During the late summer in New York City, there are three certainties: heat, humidity and tennis’ big three shining under the city’s brightest lights.
It should come as no surprise that the top three seeds and clear favorites to win the 2019 U.S. Open men’s singles tournament are all-time greats Novak Djokovic, Rafael Nadal and Roger Federer. The illustrious trio has combined to lift the trophy at Arthur Ashe Stadium in 11 of the last 15 years, and each has his sights set on making history in Queens yet again.
Decade of dominance
Djokovic and Nadal, seeded Nos. 1 and 2 respectively, each have won three U.S. Open titles since 2009. Defending champion Djokovic is the owner of four of the last five Grand Slam singles titles. He took care of Nadal in straight sets in the Australian Open to win a record seventh title Down Under, reached the semis at the French Open — won by Nadal — and last month outlasted Federer in the first-ever fifth set tiebreaker during an all-time classic Wimbledon final.
Djokovic’s toughest challenger in New York will be a resurgent and well-rested Nadal, who entered only one hardcourt tournament this summer, dominating rising star Daniil Medvedev in the Rogers Cup final, 6-3, 6-0. It was the first time in Nadal’s storied career that he has defended a title outside of clay.
More history for Roger?
According to oddsmakers, Djokovic and Nadal are heavy favorites to take home another title. The tennis world knows it would be a fool’s errand to count out Federer. The No. 3 seed took a well deserved rest after nearly toppling Djokovic at Wimbledon, a tournament Federer has won a record seven times. His only hardcourt tuneup of the summer ended in a round of 16 loss to Andrey Rublev in Cincinnati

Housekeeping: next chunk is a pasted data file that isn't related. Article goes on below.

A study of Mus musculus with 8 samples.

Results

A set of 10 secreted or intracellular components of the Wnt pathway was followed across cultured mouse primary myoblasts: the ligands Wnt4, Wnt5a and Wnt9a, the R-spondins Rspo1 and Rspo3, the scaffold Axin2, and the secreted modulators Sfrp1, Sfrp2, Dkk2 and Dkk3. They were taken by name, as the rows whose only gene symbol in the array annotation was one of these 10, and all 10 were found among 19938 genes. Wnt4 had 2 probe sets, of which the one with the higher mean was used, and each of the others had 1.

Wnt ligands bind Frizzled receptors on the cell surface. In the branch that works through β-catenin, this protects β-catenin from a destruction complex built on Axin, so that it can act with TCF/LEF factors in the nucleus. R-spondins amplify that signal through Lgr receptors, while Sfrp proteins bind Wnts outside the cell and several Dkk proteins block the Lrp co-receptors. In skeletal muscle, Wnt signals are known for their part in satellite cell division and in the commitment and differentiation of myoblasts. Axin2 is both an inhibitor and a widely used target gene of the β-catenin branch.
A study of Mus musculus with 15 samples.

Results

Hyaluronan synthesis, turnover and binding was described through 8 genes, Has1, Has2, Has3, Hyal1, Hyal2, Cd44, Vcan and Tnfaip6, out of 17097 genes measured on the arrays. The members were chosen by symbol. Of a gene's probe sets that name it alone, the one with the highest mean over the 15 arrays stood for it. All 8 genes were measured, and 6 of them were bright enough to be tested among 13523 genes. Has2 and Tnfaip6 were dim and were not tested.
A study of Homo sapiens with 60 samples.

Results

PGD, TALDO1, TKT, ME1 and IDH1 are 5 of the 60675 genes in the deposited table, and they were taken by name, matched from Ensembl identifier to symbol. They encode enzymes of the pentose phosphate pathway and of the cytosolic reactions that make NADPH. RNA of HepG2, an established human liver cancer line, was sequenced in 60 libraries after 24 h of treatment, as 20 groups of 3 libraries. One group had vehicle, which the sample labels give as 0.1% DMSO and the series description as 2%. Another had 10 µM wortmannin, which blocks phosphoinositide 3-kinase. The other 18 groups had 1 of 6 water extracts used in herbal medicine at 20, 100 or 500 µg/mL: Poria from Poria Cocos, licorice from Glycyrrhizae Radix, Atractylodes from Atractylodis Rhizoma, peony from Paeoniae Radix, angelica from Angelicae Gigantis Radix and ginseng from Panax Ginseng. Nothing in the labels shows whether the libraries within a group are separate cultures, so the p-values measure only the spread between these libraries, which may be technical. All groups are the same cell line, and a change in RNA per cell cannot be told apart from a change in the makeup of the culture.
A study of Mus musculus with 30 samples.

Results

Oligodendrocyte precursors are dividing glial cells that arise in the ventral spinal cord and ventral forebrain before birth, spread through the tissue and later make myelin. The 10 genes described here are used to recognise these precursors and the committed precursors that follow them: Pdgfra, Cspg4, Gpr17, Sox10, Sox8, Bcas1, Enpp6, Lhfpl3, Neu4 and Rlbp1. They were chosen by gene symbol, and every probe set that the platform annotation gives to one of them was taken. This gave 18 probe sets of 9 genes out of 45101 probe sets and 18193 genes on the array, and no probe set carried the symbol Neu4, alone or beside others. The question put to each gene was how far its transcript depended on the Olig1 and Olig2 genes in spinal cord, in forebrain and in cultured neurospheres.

The Swiss great has said he builds his summer schedule with the optimal performance in the Big Apple in mind. A favorable early draw could lead to a deep run in Flushing Meadows, where he’ll likely have to defeat both Djovokic and Nadal on the road to the title. If Federer can secure his sixth U.S. Open championship, he’ll become the oldest man (38) to win a Grand Slam singles title in the Open Era, which began in 1968.
Former champs withdraw
Two of the usual top threats to the big three will sit out the 2019 U.S. Open.
Injuries continue to threaten the career of Andy Murray, who last week announced he’ll skip the tournament as he focuses on regaining his singles form following hip surgery that kept him off the court for seven months.
Juan Martin Del Potro, the 2018 runner-up and 2009 U.S. Open champion, also withdrew from the tournament after undergoing surgery on his right kneecap in June. The Argentine is still ranked No. 12 in the world and holds an impressive 35-9 overall record in Queens.